United Kingdom Beethoven and Bruckner: Leonidas Kavakos (violin), Gautier Capuçon (cello), Kirill Gerstein (piano), Leipzig Gewandhaus Orchestra / Herbert Blomstedt (conductor), Barbican Hall, London, 22.10.2017. (AS)
Beethoven – Concerto for Violin, Cello and Piano in C, Op.56
Bruckner – Symphony No.7 in E (ed. Nowak)
One very good and obvious reason why Beethoven’s Triple Concerto is performed so infrequently is that with three soloists involved it is an expensive item to put on a programme, unless three players from the accompanying orchestra are used. That was certainly not the case on this occasion, since all three soloists are very much of the front rank. Also, perhaps there is the lingering feeling from judgements of the past that this concerto is not quite of the calibre of Beethoven’s other concertos. Not true, I think, for it is surely a remarkable work, containing high-quality material and many innovative features.
It does perhaps need three soloists who are all first-class performers, capable of projecting their respective roles vividly, yet who have close spiritual rapport, since togetherness is a pre-requisite in this concerto. Such was the case in this performance. Notable also was the exceptional care with which Herbert Blomstedt managed the orchestral contribution: the opening statement in particular was elegantly shaped and projected. Gautier Capuçon produced an outstandingly beautiful quality of tone to match his immaculate technique; though one wondered again why Beethoven made his cellist play so much in high positions on the instrument’s top string at the expense of contrasting its lower notes with those of the violinist. Leonidas Kavakos played with a somewhat sharper tone quality than that of his string colleague, but his agility and artistry were no less, and Kirill Gerstein dealt capably and stylishly with the less than demanding piano part.
Both string players followed printed parts, while Kirill Gerstein used an iPad. This device and its user became at odds with each other in the finale, and Gerstein found himself playing the wrong music for a brief period. Fortunately, everything came back on track quite quickly.
This was already quite a long programme, with an unusually late 7.30pm start for a Sunday. Some of us who faced the usual Sabbath closures and diversions on our journeys home were ungratefully displeased that the trio decided to play an encore, the slow movement from Beethoven’s Piano Trio No.4, Op.11, beautifully though they did so. Soloist encores after concerto performances seem to be the norm now, and sometimes they do tend to hold up the natural progression of an evening’s performances.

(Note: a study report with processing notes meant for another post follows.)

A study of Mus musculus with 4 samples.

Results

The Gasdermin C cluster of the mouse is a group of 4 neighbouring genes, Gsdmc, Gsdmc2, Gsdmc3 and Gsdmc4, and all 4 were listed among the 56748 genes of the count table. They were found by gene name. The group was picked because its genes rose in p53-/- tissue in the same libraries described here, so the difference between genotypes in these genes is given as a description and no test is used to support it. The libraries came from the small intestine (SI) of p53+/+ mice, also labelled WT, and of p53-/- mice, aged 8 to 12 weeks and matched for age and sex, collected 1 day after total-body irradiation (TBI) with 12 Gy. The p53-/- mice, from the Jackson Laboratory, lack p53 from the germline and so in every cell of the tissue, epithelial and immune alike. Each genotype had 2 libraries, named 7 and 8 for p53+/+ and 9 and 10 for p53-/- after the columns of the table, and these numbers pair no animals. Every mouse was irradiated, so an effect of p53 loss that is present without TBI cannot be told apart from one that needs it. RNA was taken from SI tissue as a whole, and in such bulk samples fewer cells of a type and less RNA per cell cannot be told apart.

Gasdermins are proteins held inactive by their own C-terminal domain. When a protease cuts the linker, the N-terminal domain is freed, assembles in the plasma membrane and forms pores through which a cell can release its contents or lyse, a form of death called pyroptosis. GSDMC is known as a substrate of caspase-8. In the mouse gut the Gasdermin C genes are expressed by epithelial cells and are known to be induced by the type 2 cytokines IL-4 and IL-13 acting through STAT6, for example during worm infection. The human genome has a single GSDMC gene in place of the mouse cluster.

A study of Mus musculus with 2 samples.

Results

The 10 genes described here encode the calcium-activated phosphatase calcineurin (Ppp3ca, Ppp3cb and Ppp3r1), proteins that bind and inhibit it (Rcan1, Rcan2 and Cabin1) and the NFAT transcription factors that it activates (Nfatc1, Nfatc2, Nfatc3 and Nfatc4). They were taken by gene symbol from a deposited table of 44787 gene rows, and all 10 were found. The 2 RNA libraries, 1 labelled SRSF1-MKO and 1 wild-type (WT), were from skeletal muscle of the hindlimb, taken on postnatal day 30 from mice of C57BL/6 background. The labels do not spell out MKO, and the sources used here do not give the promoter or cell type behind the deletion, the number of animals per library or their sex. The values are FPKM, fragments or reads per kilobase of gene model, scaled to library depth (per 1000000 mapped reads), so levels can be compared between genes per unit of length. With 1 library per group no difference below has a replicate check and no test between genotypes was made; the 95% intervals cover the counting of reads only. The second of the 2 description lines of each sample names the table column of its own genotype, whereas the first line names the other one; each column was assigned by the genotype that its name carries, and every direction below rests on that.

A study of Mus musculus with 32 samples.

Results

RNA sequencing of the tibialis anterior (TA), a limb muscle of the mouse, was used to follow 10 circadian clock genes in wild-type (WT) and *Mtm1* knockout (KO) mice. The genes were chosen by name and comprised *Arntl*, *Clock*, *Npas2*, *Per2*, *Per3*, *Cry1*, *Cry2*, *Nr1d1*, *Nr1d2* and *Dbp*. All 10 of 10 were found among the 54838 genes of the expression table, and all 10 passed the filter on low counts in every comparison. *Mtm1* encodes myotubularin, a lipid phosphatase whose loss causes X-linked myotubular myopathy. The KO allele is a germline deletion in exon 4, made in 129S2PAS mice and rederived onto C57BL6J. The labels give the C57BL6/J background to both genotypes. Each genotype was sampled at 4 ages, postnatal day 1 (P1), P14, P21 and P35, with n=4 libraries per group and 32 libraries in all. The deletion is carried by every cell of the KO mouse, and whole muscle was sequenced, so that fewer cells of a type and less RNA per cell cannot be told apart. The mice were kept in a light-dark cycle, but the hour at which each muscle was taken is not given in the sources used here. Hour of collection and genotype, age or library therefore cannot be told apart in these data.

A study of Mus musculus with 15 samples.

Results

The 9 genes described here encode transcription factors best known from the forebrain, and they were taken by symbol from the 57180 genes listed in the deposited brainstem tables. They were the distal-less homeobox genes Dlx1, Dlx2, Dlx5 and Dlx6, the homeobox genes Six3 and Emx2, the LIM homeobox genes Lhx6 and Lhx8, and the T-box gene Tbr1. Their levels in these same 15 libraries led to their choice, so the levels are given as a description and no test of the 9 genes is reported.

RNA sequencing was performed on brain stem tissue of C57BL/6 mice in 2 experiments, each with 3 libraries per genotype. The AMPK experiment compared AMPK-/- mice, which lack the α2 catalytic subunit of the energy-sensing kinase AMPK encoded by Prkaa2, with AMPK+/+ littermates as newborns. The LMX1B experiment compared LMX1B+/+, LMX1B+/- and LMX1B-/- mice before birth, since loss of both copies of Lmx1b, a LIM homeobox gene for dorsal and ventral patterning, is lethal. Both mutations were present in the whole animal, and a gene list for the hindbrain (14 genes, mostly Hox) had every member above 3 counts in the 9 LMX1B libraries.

And so to the Bruckner symphony. The warmth of the Leipzig string sections had already impressed in the Beethoven, and the beginning of the Bruckner gave then still more chance to display this quality. The orchestra has a fine group of woodwind players too, and there is a distinctively deep-toned quality in the brass that is characteristic of east German orchestras and perfect for Bruckner, though player for player this section does not quite equal the best that British orchestras have on offer technically. Blomstedt unfolded the first movement in a spacious, entirely natural yet arresting fashion: both he and his orchestra have Bruckner embedded deeply in their bones. It was one of those occasions when, although there are other ways of playing the music, this seemed to be the only way, at least for the moment.
The slow movement had a similarly spacious, mountainous quality in which every phrase breathed easily, though the tempo would have been too leisurely, probably, in less skilful hands than those of the enormously experienced nonagenarian conductor. The Scherzo and trio were however taken well up to conventional speeds, and presented a very effective contrast with what had gone before. And Blomstedt’s management of the many tempo changes in the finale were managed in masterly fashion to bring a greatly satisfying performance to an end.